Itemized Deductions: Another common tax question in divorce is which spouse is able to claim the itemized deductions when the divorce is complete. It is always a good idea to address these issues in the settlement agreement and divorce decree so everyone is clear who will be claiming which deductions. Also, depending on whether you live in a community property state, the below rules may differ or not apply at all regarding who can claim the particular itemized deduction.
Overall, it is usually safe to claim the deductions that the spouse paid. If the parties paid the itemized deductions from a joint account, each spouse can claim one half of the deduction.
Property Tax and Mortgage Interest: Real estate taxes and mortgage interest are usually the largest deductions that the family law practitioner should be aware. Whose name the house is in can sometimes be determinative regarding whether a spouse can take the deduction. For example, if the house is in the husband’s name only, then only the husband can claim the mortgage interest and property taxes as itemized deductions on the home. If the home is in the name of both the husband and the wife, then both parties are able to share those itemized deductions.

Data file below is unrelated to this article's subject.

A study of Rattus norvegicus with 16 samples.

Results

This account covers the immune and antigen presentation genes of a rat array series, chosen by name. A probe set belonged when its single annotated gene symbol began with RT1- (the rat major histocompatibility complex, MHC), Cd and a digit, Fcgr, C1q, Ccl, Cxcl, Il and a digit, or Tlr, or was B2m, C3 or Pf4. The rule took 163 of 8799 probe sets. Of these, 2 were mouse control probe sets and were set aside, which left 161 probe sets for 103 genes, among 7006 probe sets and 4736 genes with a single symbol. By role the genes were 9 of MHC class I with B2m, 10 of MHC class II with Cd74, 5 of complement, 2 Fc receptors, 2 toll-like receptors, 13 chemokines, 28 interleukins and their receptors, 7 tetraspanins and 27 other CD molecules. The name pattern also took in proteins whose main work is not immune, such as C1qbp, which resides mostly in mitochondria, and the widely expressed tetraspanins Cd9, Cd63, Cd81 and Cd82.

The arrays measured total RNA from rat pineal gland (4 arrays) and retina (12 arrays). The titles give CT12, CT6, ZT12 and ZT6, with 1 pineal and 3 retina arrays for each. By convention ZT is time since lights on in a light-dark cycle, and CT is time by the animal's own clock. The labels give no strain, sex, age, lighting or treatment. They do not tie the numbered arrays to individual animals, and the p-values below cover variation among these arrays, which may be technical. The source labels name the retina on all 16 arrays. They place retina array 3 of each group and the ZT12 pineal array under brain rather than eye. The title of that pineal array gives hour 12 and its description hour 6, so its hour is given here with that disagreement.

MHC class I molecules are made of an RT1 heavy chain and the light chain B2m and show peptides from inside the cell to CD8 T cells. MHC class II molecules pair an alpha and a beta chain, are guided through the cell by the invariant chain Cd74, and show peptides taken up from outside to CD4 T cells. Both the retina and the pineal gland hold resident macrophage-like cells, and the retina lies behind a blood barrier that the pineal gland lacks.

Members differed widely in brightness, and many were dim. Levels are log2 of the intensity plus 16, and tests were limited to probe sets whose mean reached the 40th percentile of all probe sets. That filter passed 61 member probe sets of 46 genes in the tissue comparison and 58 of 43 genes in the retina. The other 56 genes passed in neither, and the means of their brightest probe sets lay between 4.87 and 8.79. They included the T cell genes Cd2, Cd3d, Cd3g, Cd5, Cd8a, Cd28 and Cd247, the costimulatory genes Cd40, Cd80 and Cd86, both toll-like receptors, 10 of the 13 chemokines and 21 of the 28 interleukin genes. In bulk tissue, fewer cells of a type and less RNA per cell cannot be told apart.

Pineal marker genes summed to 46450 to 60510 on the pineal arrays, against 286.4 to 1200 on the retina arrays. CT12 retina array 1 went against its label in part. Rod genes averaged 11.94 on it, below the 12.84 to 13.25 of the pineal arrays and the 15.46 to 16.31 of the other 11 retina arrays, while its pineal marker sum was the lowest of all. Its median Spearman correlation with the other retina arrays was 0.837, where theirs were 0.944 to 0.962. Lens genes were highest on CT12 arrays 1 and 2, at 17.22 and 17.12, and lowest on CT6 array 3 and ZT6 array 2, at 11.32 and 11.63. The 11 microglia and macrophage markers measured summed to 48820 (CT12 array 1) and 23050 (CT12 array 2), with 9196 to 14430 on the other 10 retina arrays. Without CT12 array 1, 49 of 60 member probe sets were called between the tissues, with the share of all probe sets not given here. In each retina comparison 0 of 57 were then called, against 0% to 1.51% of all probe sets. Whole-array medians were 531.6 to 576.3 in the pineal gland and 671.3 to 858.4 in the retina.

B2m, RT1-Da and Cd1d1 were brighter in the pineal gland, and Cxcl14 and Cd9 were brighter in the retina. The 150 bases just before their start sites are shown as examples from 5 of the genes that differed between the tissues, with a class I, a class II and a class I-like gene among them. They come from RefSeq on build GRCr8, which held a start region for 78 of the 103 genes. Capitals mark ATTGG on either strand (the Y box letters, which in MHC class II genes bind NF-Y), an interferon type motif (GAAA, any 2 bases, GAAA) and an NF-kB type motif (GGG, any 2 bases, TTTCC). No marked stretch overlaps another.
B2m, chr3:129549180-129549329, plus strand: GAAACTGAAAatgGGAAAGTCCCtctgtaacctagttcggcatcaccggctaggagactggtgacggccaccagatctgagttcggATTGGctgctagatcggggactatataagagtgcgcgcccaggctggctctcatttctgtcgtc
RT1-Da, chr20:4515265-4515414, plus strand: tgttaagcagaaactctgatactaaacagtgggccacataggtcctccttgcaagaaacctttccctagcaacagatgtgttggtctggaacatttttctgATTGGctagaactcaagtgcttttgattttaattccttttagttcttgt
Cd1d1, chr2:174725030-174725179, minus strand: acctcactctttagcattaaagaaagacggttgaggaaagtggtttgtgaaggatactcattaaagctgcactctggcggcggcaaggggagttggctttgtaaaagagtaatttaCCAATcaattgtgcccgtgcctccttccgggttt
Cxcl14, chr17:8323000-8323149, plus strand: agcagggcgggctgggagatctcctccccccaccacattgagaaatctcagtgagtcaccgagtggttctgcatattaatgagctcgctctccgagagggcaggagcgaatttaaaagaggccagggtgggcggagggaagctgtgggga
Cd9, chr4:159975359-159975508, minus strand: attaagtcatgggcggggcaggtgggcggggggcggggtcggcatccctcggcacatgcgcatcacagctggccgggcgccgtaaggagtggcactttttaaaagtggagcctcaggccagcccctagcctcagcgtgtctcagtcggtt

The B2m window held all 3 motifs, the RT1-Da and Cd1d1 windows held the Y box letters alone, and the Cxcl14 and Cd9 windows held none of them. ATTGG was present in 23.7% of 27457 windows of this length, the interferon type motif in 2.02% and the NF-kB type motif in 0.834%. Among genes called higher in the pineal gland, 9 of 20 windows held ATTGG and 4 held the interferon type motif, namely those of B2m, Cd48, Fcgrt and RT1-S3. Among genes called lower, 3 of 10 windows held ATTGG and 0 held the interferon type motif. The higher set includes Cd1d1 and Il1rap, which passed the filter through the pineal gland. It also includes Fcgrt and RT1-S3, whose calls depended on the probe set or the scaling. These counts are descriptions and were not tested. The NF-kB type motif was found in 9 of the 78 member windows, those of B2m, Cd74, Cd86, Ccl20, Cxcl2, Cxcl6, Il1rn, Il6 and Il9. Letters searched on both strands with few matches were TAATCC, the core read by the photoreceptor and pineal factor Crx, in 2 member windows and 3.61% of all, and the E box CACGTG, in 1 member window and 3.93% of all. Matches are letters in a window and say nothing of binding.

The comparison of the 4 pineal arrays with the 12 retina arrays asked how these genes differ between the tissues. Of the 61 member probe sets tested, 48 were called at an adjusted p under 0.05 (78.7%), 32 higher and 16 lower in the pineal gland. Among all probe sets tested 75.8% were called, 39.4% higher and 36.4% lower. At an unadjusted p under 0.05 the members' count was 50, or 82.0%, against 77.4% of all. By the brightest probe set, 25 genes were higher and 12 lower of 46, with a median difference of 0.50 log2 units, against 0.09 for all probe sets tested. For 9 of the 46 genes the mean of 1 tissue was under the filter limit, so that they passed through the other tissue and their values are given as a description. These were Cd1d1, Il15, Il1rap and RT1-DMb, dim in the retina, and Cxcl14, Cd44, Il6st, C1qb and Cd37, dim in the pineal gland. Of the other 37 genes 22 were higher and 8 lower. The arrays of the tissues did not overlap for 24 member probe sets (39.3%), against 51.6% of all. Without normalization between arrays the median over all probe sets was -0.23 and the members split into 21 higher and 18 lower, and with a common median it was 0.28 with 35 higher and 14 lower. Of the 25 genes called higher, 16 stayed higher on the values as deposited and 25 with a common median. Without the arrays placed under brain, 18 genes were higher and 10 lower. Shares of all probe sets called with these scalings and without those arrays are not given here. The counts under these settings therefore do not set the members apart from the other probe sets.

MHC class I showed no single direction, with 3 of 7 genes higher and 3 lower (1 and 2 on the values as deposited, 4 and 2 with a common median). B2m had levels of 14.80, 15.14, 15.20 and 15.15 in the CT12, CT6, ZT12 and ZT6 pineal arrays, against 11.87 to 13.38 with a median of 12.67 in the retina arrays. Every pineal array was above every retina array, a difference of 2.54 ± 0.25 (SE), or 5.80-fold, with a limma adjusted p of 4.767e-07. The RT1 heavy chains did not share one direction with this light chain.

Further, if a divorce or separation agreement requires one spouse to pay the mortgage interest on a home that is jointly owned, part of the payment of the interest may be considered spousal maintenance. The divorced spouse who pays the mortgage interest could deduct half the amount as spousal maintenance and the other half as an itemized deduction for home mortgage interest. The other former spouse would have to include half the amount as income from spousal maintenance but may also be able to claim an itemized deduction for half the mortgage interest and real estate taxes.